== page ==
The University of Kansas School of Medicine will add a four-year program in the city of Salina, Kansas, according to a press release issued by the school.
At KU School of Medicine’s new Salina campus students will listen to lectures along with their peers in Kansas City and Wichita via interactive television and podcasts, while web-based systems will support most of the curriculum’s laboratory components.
“The whole mission of the Salina campus is to train physicians in non-metropolitan areas of the state and show these young medical students that life can be good and practice can be challenging outside of the big city,” explained William Cathcart-Rake, MD, PACP, a Salina based oncologist and director of the KU School
Not only will KU add the new four-year program in Salina, but it also plans to expand its existing Wichita branch from a two-year clinical program to a full, four-year program. The way it is now, students in KU’s Wichita program spend their first two years at the Kansas City campus before going to Wichita for two years of clinical training. Now, students will be able to spend all four years in Wichita. In addition, students interested in rural health careers may now complete all four years of their training in Salina.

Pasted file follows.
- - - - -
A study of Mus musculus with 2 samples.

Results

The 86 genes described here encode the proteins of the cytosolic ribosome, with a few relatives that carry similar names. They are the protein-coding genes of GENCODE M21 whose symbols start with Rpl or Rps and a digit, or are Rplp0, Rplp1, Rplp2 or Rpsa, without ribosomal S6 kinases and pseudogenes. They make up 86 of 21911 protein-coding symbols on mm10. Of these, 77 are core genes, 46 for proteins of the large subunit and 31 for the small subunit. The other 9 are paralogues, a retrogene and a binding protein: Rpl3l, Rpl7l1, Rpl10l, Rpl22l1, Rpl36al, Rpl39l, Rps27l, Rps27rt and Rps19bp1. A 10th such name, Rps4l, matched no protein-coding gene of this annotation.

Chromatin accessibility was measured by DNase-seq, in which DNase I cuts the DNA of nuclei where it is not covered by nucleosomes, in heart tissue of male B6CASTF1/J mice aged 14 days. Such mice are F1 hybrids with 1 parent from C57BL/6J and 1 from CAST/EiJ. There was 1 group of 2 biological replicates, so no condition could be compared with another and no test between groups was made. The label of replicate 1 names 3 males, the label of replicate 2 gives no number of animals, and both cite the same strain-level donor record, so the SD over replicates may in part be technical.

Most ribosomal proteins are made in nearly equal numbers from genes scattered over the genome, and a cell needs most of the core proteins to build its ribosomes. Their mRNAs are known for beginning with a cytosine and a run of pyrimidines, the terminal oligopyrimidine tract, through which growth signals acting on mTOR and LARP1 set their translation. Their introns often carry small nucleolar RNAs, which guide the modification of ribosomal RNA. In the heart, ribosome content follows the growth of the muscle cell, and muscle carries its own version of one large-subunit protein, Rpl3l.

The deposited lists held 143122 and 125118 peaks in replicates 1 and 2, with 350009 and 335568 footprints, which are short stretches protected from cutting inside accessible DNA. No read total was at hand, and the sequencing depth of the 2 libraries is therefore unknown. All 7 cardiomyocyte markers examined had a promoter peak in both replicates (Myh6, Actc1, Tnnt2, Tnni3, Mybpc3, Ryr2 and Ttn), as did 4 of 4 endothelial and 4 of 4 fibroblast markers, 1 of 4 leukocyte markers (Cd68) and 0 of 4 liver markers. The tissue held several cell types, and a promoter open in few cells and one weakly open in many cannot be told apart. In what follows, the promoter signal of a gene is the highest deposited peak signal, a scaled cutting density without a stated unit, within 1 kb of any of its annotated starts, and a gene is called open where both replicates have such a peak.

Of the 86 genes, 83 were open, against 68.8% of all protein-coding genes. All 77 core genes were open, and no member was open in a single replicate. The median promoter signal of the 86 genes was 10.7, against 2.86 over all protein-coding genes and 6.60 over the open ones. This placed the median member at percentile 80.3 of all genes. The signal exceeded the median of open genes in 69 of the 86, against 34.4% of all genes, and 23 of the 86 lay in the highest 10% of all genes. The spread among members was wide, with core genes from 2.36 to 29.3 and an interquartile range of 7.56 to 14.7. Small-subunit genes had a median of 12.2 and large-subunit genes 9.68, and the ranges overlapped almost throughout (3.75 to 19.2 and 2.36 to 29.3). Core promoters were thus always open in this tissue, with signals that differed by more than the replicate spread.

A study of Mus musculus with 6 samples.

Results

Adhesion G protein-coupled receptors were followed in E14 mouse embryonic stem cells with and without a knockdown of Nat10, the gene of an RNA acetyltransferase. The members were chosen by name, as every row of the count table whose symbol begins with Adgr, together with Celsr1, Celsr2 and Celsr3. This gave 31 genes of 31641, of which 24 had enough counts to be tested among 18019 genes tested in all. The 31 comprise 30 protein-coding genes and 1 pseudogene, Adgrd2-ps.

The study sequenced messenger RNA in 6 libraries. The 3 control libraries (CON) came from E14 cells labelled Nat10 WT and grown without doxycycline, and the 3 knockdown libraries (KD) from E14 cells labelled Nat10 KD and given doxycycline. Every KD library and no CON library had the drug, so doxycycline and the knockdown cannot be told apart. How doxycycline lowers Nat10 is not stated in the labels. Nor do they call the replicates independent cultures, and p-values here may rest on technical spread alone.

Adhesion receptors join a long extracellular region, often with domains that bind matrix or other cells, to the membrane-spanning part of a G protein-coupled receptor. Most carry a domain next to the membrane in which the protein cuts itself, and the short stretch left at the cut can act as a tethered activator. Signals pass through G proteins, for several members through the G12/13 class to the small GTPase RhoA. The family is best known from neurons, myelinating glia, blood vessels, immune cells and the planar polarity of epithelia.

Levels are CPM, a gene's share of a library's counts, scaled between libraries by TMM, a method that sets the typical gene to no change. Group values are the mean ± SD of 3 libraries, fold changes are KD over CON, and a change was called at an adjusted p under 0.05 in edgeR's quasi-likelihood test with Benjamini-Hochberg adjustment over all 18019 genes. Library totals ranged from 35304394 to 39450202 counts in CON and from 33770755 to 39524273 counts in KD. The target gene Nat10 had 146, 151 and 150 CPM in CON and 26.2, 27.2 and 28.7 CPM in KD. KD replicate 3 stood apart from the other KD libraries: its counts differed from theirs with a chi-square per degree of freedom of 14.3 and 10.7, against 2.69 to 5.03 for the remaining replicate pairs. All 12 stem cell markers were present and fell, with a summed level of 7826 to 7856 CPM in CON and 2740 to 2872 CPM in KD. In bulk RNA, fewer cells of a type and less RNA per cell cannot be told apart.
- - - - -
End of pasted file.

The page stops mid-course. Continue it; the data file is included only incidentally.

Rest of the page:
“The University of Kansas contributes to the success and vitality of our state by educating students who fill vital workforce needs, such as in health care,” said says KU
Chancellor Bernadette Gray-Little. “KU’s School of Medicine is the only medical school in the state, and the expansions in Wichita and Salina will enable us to educate more physicians who will go on to improve the lives and health of Kansas.”
In Fall 2011, the Salina and Wichita sites will each welcome their first class of four-year medical students. Heidi Chumley, MD, senior associate dean for medical education, said the Salina and Wichita programs will admit students from rural areas who are more likely to return to rural areas after their training.
For more information about KU School of Medicine, visit www.kumc.edu/som.